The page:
PROSECUTORS were unable to check evidence in a manslaughter case against Dr Jane Barton after it was ‘accidentally destroyed’.
Details emerged from documents published by the government-established inquiry into deaths at Gosport War Memorial Hospital.
Exactly a week ago the Gosport Independent Panel revealed 456 patients had their lives shortened, while another 200 ‘probably’ had their lives shortened.
A Crown Prosecution Service lawyer, Hilary Reeve, was tasked with reviewing Operation Rochester, the second investigation, started in 1998, into the hundreds of deaths at the Bury Road hospital.
Writing in October 2013, the specialist said: ‘Because of my limited remit I have read the various review documents and correspondence on the CPS file.
‘I have not reviewed the evidence itself; evidential material submitted by the police was accidentally destroyed by the Record Management Unit.’
She was trying to find out if a report, compiled by Professor Richard Baker in 2003, had been considered by the CPS in making a decision not to prosecute. The Baker report was published in 2013.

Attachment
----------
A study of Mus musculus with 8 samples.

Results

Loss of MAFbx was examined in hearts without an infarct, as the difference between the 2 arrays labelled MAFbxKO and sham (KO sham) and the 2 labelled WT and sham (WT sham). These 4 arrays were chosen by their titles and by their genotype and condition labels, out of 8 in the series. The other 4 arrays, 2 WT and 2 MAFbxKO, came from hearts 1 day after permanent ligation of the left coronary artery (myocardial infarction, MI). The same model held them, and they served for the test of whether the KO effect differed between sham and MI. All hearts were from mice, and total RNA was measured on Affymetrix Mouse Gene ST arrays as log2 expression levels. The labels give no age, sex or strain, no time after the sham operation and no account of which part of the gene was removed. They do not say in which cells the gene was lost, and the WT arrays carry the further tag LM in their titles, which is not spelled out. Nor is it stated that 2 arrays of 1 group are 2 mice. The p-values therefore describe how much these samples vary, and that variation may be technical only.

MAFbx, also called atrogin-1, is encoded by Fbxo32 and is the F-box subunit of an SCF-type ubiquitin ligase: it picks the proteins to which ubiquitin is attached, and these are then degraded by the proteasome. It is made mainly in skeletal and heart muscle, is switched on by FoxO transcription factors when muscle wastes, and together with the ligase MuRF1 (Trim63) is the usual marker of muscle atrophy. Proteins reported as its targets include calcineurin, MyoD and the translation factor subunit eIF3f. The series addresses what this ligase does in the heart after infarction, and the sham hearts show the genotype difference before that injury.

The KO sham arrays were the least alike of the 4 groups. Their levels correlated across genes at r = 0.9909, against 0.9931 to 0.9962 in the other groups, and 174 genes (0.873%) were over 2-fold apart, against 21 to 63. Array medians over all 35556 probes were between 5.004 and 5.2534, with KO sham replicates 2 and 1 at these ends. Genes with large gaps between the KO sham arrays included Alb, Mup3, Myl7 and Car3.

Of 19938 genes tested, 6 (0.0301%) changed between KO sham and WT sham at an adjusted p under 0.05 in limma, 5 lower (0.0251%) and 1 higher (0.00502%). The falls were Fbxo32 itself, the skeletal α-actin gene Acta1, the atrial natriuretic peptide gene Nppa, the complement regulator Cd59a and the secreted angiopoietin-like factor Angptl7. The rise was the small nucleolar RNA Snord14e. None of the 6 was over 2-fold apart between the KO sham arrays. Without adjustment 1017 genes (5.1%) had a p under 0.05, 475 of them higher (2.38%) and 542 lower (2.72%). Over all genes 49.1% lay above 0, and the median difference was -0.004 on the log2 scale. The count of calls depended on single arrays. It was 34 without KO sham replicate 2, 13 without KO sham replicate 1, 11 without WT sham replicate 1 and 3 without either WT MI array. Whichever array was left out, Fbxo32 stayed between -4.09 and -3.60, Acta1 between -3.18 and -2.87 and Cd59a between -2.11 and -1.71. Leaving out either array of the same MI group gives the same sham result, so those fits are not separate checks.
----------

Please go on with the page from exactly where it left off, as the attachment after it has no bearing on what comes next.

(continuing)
Ms Reeve added: ‘Due to the accidental destruction of the police evidence it is not possible to give a clear answer about whether the report was available when the case was considered however, there are clear references in correspondence which indicate that the parties were aware of its existence.’
Ms Reeve ruled that the decision not to prosecute Dr Barton, 69, for manslaughter based on gross negligence would not have been affected.
In the letter she said: ‘I do not consider that the report would change the CPS conclusion that there was insufficient evidence for a realistic prospect of conviction.’
Eric Cousins, 70, of Highlands Road, Fareham lost his 82-year-old dad Arthur.
Mr Cousins told The Sun: ‘It is very convenient (destroying the evidence). It has just been a cover-up all the way through.’
Dr Barton told police in 2006 she found the investigation into her ‘repugnant and deeply distressing’, The Sun reported at the weekend.
Hampshire police ran three probes into the deaths but are now set to hand over to another force in the wake of the panel report last week.
A Hampshire police spokeswoman said: ‘Hampshire Constabulary retained all police-generated material in relation to the investigation.’
Families will be told when the force hands over.